Betrayal: Developmental, Literary, and Clinical Realms

Editor : Salman Akhtar

Betrayal: Developmental, Literary, and Clinical Realms

Book Details

  • Publisher : Routledge
  • Published : June 2013
  • Cover : Paperback
  • Pages : 248
  • Category :
  • Catalogue No : 34202
  • ISBN 13 : 9781782200154
  • ISBN 10 : 1782200150

Also by Salman Akhtar

In Short: Private Notes of a Psychoanalyst

In Short: Private Notes of a Psychoanalyst


This book fills this gap. The first part deals with developmental aspects and notes that while the experience of betrayal might be ubiquitous in childhood, its lack of recognition by the parents is what leads to fixation upon it. Attention is also given to Oedipally-indulged and seduced children who feel betrayed later in the course of their development. Feelings of betrayal during early adolescence are also discussed. This section of the book closes with an account of situations where our bodies betray us. The realms of body image betrayal, body self betrayal, and the body’s ultimate betrayal via physical death are addressed.

The second part deals with literature and elucidates the myriad ways in which the theme of betrayal appears in Shakespeare’s writings and in Oscar Wilde’s poem The Ballad of Reading Gaol. The final part pertains to clinical matters and has chapters on the compulsion to betray others and the unconscious need to be betrayed, the betrayal of a sacred trust in the form of childhood sexual abuse, extra-marital affairs, and the betrayal of patients by their analysts in the form of boundary violations. In this last-mentioned situation, severe damage occurs not only to the analyst, to the particular patient whose boundaries he has violated, but also to other patients who hear about the transgression from the ‘grapevine.’ This chapter is a ‘must-read’ for all training institutes and especially their ethics committees. These thumb-nail sketches of the book’s chapters are intended to whet the reader’s appetite. Obviously, there is more texture, more substance, and more heuristic and technical material in their individual entirety.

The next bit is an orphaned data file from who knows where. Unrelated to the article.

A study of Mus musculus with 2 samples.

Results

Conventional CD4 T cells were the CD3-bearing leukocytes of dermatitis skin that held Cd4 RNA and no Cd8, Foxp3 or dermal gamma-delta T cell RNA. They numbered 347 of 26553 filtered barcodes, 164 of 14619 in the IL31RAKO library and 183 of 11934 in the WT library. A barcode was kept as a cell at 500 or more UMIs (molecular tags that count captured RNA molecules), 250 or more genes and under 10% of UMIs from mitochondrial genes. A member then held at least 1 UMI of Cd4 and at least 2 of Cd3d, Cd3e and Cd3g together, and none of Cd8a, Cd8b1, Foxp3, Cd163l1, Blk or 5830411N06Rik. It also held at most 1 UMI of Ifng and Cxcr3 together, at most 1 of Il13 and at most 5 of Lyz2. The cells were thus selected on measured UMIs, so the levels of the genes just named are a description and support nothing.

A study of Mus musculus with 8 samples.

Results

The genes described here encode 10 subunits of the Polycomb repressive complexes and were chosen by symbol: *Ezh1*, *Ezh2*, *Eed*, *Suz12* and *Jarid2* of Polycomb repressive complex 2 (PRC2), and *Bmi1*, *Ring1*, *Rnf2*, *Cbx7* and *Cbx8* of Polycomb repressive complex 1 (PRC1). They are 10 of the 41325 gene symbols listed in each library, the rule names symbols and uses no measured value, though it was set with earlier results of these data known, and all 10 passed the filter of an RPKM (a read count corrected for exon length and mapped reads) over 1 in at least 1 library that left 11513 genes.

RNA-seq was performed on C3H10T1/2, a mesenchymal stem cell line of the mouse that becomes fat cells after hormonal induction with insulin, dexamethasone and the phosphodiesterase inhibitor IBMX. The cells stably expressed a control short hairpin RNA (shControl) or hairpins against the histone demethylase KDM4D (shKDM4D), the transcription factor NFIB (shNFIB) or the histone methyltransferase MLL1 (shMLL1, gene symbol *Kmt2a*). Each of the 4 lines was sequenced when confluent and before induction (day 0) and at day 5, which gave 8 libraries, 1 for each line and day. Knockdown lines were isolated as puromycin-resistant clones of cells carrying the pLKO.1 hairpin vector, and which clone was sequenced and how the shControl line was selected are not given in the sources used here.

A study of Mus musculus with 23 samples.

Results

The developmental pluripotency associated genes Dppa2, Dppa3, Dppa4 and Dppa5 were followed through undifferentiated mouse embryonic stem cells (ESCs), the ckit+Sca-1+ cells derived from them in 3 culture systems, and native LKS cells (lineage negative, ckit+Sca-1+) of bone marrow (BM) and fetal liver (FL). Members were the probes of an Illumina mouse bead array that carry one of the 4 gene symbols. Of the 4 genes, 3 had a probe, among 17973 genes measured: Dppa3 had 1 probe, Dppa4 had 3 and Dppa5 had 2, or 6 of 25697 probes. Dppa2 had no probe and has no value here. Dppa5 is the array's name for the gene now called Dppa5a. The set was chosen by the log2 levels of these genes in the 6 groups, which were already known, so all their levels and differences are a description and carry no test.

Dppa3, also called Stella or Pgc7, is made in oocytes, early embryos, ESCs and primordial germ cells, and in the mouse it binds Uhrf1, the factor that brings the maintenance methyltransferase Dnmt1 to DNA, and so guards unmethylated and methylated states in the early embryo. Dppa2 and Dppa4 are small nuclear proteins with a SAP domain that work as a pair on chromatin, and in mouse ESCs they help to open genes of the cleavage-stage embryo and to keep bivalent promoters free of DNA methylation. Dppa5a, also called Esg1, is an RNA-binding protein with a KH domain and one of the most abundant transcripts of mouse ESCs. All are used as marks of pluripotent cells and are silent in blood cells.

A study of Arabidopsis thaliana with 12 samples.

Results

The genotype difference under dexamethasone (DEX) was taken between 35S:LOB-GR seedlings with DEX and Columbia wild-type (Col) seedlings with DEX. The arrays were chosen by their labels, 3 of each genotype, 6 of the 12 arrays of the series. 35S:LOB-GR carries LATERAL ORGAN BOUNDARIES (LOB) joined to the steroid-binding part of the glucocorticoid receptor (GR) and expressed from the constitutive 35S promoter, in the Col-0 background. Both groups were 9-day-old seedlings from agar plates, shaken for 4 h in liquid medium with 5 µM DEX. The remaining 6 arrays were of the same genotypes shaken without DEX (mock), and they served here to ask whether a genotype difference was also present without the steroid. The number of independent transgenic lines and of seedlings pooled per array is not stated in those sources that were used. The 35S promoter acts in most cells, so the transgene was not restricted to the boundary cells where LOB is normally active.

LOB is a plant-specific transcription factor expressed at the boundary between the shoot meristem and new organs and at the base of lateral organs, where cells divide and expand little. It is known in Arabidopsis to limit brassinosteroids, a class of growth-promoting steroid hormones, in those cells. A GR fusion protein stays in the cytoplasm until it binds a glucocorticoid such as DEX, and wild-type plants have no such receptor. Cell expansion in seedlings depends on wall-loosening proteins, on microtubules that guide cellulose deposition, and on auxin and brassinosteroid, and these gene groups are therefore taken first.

Reviews and Endorsements

‘Given the prominence in the Western cultural imagination of such victims of betrayal as Oedipus and Jesus, and given Freud's own sense of betrayal by the likes of Adler, Jung, Rank and others, it is surprising that this topic has received so little attention in the psychoanalytic literature. Perhaps the theme of betrayal has been just too close to home. Salman Akhtar's illuminating essay on the compulsion to betray and the need to be betrayed forms the centerpiece of this collection of insightful papers that approach this important topic from developmental, literary and clinical perspectives.’
- Donald L. Carveth, PhD, Emeritus Professor of Sociology and Social & Political Thought, York University; Director, Toronto Institute of Psychoanalysis

‘With characteristic poignancy and poeticism, Salman Akhtar and his contributors signify betrayal, mine its phenomenology, decipher its scars, and formulate the fixations and transmissions patterned in its wake. Incisive and broadly humane, these essays lead us to sites of corruption and the particular ways they “pierce the veils of our innocent reliance”. Read this book and wander through the realms of human treachery. Though often disturbing, you will be a better clinician for it.’
- Andrea Celenza, PhD, Assistant Clinical Professor at Harvard Medical School, Faculty at the Boston Psychoanalytic Society and Institute and Massachusetts Institute for Psychoanalysis

About the Editor(s)

Salman Akhtar, MD, was born in India and completed his medical and psychiatric education there. Upon arriving in the USA in 1973, he repeated his psychiatric training at the University of Virginia School of Medicine, and then obtained psychoanalytic training from the Philadelphia Psychoanalytic Institute. Currently, he is Professor of Psychiatry at Jefferson Medical College and a training and supervising analyst at the Psychoanalytic Center of Philadelphia. He has authored, edited or co-edited more than 300 publications including books on psychiatry and psychoanalysis and several collections of poetry. He is also a Scholar-in-Residence at the Inter-Act Theatre Company in Philadelphia. Salman Akhtar received the Sigourney Award in 2012.